Impact planning toolkit
Identifying the potential impact of your research can help with planning and prioritising knowledge exchange, public engagement and dissemination activities. This toolkit has been developed around five questions to help researchers understand their potential impact, consider new and existing stakeholders and get the most out of their engagement activities.
|Q1. What impact could come from my research?||
Impact occurs when research is used outside academia. Sometimes the potential impact of research can be clearly identified but othertimes you may need to consider the wider context of the research or think creatively about the stakeholders that could help your research to have impact. Impact rarely occurs in isolation or in a linear way.
The type of impact will vary depending on your research but can include:
To understand the different potential stakeholders for your research, consider the potential changes that could result from your research.
|Q2. Who else is interested in this?||
Being able to identify your stakeholders and beneficiaries can help you to target your plans effectively:
The National Coordinating Centre for Public Engagement has produced a useful map of potential stakeholders in research.
You can start to identify your stakeholders and beneficiaries by thinking about:
Prioritisation of stakeholders and beneficiaries
It isn't always effective or possible to interact with all the identified stakeholders. You can determine who will be best to interact with by considering:
This will allow you to target your activities and consider potential risks to the impact.
|Q3. How can I engage stakeholders with my research?||
There are many different ways to engage stakeholders and beneficiaries with your research. Once you have identified the stakeholders you want to engage, you can tailor your activities accordingly.
There are many types of engagement activity. You should select the type that best suits your research and the stakeholder's needs.
Things to consider when planning activities
Types of activities
Nurturing impact can take time. You should decide whether you or a member of your team is best placed to lead on these activities.
Some of the possible risks with stakeholder engagement are:
It is useful to consider how to manage expectations and when to engage with the groups identified. Early engagement with stakeholders is often beneficial to establish their needs, identify how best to engage them with the research, build flexibility into engagement plans and manage concerns. Some questions to consider:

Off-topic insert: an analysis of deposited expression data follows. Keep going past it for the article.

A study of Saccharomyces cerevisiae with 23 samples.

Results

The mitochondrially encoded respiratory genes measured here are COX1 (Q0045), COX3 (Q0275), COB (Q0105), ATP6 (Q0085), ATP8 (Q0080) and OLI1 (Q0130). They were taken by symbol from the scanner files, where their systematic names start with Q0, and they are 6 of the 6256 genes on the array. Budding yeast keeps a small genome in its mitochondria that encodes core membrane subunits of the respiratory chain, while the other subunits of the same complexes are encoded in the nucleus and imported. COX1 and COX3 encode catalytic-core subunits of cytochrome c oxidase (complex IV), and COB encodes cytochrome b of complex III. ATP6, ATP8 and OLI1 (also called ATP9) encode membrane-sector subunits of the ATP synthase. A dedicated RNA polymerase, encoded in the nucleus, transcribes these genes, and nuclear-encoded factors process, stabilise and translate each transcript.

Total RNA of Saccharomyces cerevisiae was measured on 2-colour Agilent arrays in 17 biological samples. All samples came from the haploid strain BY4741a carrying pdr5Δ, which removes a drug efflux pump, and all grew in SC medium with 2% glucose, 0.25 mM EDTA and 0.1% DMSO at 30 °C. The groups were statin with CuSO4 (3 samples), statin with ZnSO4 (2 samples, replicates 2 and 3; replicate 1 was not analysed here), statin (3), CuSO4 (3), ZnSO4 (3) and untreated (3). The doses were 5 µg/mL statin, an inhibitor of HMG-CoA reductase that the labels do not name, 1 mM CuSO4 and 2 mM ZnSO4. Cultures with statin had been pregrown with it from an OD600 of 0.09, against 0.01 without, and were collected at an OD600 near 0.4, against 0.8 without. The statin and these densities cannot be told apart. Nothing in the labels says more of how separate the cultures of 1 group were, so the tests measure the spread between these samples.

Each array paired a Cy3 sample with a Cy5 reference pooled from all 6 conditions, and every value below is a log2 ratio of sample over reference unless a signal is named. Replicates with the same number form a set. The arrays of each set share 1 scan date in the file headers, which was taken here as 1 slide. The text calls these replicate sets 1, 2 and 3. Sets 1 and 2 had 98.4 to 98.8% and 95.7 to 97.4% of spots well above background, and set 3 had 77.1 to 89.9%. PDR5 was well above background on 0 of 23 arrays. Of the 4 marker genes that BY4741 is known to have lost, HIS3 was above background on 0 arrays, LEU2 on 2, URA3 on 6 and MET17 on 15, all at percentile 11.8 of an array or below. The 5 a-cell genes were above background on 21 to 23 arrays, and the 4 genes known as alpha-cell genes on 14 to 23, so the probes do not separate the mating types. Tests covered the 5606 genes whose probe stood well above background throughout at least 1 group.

|Q4. What can I measure?||
It can be easier to gather evidence of your activities as they occur rather than trying to find it months later. It is important to collect evidence to help demonstrate a clear link from your research to the impact. When planning your activities, you should think about what you want to achieve from each activity - this will help determine what you should measure. Where possible you should collect qualitative and quantitative information.
Collecting information while conducting the activities can help to indicate where impact may be achieved at a later stage as well. For example, by keeping a record of attendees at an event you can see a link to your research if one of the attendees then uses your research to influence a policy.
What can be measured?
Measurements collected by others
You should discuss the need to collect evidence impact of research with your stakeholders at an early stage so that they are aware of your requirements and the reasons behind it.
Evidence of impact can be collated and stored in the impact module of myPublications.
Q5. What support do I need?
If you want to discuss getting started with knowledge exchange or public engagement, contact your Faculty team.
Who to contact
If you have any queries about the above, then please contact your departmental impact lead or the Impact and IP Team within Research Services.